Mistresses and Lovers for Dummies, Rule #3:   If you want an open marriage, then make sure to upload the most updated, de-bugged version of the software, and not the 1970s edition.

If you’re an aspiring idea, one of the worst things that can befall you is that people say you sound like “something from the 1970s.”

“Open marriage… Free love… Isn’t that from the 1970s?” Or, “that’s so 1970s!” It’s the idea kiss of death, to be stashed in the basement with the disco ball and the pet rock.

But “free love v. 2.0,” as a sex educator I interviewed calls it, is different.

In the early 1970s, the idea of open marriage had a political and cultural vogue, but not much of a pragmatic foundation.  Today, negotiated non-monogamy in marriage has little political vogue (in the U.S. mainstream, at least, which is keenly if often hypocritically judgmental about subversions of monogamy, even more so since the 1980s) but it’s got stronger pragmatic incentives and foundations.

Open non-monogamy has a stronger basis in economy—women earn their own paycheck, and aren’t dependent on the sexual-economic contract of marriage; technology—we can hook up and find each other with unprecedented ease today; and demography—we live longer and healthier than ever, which makes non-monogamy appealing for some phases of a marriage as a way to reconcile longevity and commitment.

Free love 2.0 is more Google than lava lamp; more Age of the Engineer than Age of Aquarius, and more paycheck than macramé.  

That paycheck is crucial. Sexual and economic mores are braided together like DNA, even if the romantic in us doesn’t like to think so. As wives have achieved their own earning power, in a way that the early 1970s just hadn’t seen yet, they’ve achieved more sexual latitude.

Although it’s nothing to be proud of, the “infidelity gap” has closed along with the wage gap. At least five scholarly articles from as early as the mid-1990s noted that men’s and women’s sexual behavior for those under the age of 40 (or, in another study, 50) are now quite similar on major indicia, although for the  over-50 generation, more husbands have had extramarital sex than wives.

But that’s cheating. Free love 2.0 couples agree beforehand to be non-monogamous, and they don’t lie to each other. They don’t see extramarital sex as “infidelity,” since deceit isn’t involved.  They define marital “fidelity” as honesty, not monogamy.

And this new non-monogamy is shaped in women’s image. Elizabeth Emens, a legal scholar, calls it “ethical non-monogamy.” In free love 2.0, spouses define non-monogamy around conventionally, although not inherently, feminine characteristics, such as placing paramount importance on (genuine) consent, integrity, relationships, communication, and respect.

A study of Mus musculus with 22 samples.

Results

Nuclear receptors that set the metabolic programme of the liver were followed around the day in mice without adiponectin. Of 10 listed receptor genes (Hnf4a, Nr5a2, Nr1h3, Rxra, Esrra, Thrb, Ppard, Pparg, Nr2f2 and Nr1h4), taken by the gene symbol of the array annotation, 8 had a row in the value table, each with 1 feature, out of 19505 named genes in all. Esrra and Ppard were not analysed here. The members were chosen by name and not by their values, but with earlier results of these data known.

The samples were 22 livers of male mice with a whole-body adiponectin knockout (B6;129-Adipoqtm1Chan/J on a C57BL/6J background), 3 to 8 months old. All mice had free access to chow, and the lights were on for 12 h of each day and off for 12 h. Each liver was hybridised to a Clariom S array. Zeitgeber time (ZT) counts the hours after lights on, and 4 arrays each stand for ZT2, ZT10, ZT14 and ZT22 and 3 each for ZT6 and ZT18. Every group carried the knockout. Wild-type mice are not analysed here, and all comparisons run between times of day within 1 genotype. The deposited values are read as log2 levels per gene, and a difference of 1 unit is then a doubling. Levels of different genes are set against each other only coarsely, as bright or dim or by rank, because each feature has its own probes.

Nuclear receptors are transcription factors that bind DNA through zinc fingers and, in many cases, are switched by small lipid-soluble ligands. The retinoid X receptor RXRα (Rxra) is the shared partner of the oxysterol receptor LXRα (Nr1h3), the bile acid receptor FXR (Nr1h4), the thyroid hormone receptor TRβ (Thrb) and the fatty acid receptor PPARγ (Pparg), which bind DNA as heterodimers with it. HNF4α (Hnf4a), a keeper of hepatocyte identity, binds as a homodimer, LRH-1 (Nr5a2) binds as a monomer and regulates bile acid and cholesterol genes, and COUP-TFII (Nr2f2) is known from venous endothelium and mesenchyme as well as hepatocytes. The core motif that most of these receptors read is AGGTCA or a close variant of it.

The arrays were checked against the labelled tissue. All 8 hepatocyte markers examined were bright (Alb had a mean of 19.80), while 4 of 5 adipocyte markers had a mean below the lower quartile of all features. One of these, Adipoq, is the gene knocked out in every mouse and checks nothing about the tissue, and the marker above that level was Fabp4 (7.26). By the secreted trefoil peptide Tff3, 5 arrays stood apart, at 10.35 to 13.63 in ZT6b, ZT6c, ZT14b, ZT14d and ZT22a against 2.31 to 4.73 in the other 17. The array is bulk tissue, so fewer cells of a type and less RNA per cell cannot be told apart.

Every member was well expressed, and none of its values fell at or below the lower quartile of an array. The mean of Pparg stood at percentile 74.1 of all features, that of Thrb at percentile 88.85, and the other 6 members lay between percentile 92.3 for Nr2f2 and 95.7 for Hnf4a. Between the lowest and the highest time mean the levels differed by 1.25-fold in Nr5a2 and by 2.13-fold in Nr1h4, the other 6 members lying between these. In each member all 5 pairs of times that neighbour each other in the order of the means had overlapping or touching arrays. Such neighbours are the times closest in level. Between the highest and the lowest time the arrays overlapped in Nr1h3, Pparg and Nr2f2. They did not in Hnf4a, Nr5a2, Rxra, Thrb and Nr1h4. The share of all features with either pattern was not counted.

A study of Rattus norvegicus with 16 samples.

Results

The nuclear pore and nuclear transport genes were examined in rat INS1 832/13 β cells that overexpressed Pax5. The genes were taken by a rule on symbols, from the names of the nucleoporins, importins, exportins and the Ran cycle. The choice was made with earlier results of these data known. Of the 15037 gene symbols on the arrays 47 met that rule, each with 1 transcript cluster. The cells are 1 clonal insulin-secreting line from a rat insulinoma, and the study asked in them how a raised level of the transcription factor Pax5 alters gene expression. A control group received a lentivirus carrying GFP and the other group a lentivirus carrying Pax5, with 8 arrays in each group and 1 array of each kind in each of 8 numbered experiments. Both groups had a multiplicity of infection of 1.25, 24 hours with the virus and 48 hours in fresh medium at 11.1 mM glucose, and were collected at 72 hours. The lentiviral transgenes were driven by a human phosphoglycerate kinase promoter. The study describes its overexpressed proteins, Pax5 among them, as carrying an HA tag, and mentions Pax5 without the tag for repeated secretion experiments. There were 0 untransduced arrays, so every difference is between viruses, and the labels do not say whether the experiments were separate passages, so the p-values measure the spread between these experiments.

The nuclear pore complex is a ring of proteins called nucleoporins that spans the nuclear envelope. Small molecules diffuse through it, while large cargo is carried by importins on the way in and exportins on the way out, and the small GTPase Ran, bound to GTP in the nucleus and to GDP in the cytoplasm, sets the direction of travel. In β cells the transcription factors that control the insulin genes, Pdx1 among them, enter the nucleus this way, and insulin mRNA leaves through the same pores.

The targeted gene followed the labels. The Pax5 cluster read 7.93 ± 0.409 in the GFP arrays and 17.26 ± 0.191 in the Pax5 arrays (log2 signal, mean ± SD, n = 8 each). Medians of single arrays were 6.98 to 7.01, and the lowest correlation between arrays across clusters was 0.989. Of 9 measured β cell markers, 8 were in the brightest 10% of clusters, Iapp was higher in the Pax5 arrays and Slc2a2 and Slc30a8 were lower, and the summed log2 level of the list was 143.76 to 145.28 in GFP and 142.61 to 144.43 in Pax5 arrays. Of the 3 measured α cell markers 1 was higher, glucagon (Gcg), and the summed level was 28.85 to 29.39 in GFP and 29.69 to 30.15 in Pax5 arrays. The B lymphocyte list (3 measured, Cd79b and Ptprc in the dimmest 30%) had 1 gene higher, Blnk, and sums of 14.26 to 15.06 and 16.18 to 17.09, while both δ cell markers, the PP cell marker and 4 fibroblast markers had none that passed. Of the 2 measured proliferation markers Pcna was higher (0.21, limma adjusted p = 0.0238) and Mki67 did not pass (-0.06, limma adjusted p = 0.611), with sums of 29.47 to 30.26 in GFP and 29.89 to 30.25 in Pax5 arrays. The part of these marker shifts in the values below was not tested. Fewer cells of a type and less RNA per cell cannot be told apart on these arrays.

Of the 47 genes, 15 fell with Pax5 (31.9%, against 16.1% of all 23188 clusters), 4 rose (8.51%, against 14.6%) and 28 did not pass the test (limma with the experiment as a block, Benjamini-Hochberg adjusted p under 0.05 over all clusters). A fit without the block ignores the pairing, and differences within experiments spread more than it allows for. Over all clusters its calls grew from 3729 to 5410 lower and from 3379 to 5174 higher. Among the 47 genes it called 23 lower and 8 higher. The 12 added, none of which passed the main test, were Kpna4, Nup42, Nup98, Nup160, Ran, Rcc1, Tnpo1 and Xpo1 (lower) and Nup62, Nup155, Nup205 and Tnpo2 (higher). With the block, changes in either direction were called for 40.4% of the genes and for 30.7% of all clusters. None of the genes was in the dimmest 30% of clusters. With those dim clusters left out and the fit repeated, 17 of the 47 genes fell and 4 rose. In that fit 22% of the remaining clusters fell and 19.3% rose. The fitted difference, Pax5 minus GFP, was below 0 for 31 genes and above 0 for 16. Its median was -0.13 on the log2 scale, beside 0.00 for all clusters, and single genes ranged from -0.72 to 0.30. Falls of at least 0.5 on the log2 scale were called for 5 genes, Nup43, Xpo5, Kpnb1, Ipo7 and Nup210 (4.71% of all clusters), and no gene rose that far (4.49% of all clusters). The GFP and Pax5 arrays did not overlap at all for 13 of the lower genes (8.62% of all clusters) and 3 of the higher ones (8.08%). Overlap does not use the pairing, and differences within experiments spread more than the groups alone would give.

Their standards are to be “al fresco,” or out in the open. They try to avoid lying.  Another main rule is that the “primary” relationship comes first, so things that make the partners uncomfortable aren’t pursued. Each couple decides how much they want to know—which could be nothing at all, or a great deal.

Women are the authors of the canonic, 21st-century guidebooks, including Dossie Easton’s deliciously-titled The Ethical Slut (Easton sees herself as an “activist of the heart”), and Deborah Anapol’s Love Without Limits. Bloggers at feminist sites such as Shakespeare’s Sisters write about non-monogamy. Feminist Jenny Block published a wonderful memoir, Open, of her open marriage in 2008.

Women are also among the most visible sex educators and therapists who instruct on the topic. And more wives themselves bring up the topic or initiate the idea today. Therapist Joy Davidson reports that some of these women “relish the feeling of owning their desires” in this way.  

They’ve taken a different message from feminism’s challenge to the sexual double standard. Rather than abolish the sexual double standard through the equal enforcement of monogamy, they subvert it through the equal practice of non-monogamy, but within ethical boundaries so that it’s not a reiteration of the male tomcatting privilege of the Mad Men era, or the 1970s wife-swapping.

Imagine the kind of open marriage that a Zen-engineer-feminist-libertarian might have. There’s a humble pragmatism and problem-solving spirit to the idea. This isn’t free love inspired by lofty Marxist ideology about smashing the foundations of private property by getting action on the side, or anything that grandiose. There’s a (feminist) emphasis on respect, relationships, equality, and communication, and not so much on recreational sex (although the world of recreational non-monogamy, which couples often engage in together, is also booming. Swing clubs have doubled in the last decade, and it’s easier to find “action” in the privacy of home with the Internet). There’s a thoroughly libertarian belief that individual, adult couples can define sexual commitment in marriage any way they choose, within the ironclad parameters of consent. And there’s a philosophical belief, vaguely Zen, in letting go within intimacy, or being intimate without jealousy, anger, and exclusive attachment.

Free Love 2.0 proposes that we can have loving or sexual attachments to more than one person at the same time without it disrespecting or demeaning those parties. That’s the basic meaning of “polyamory,” which made it into the Oxford English Dictionary in 2000.

Some wouldn’t think free love 2.0 a wise, practical, or good idea. Nevertheless, it is a new one, or at least a massively refurbished one, forged in the feminist image, and bolstered pragmatically by changes in economy, technology, birth control, and demography, which nudge it from feminist utopian to plausible (more on this evolution in a column next week).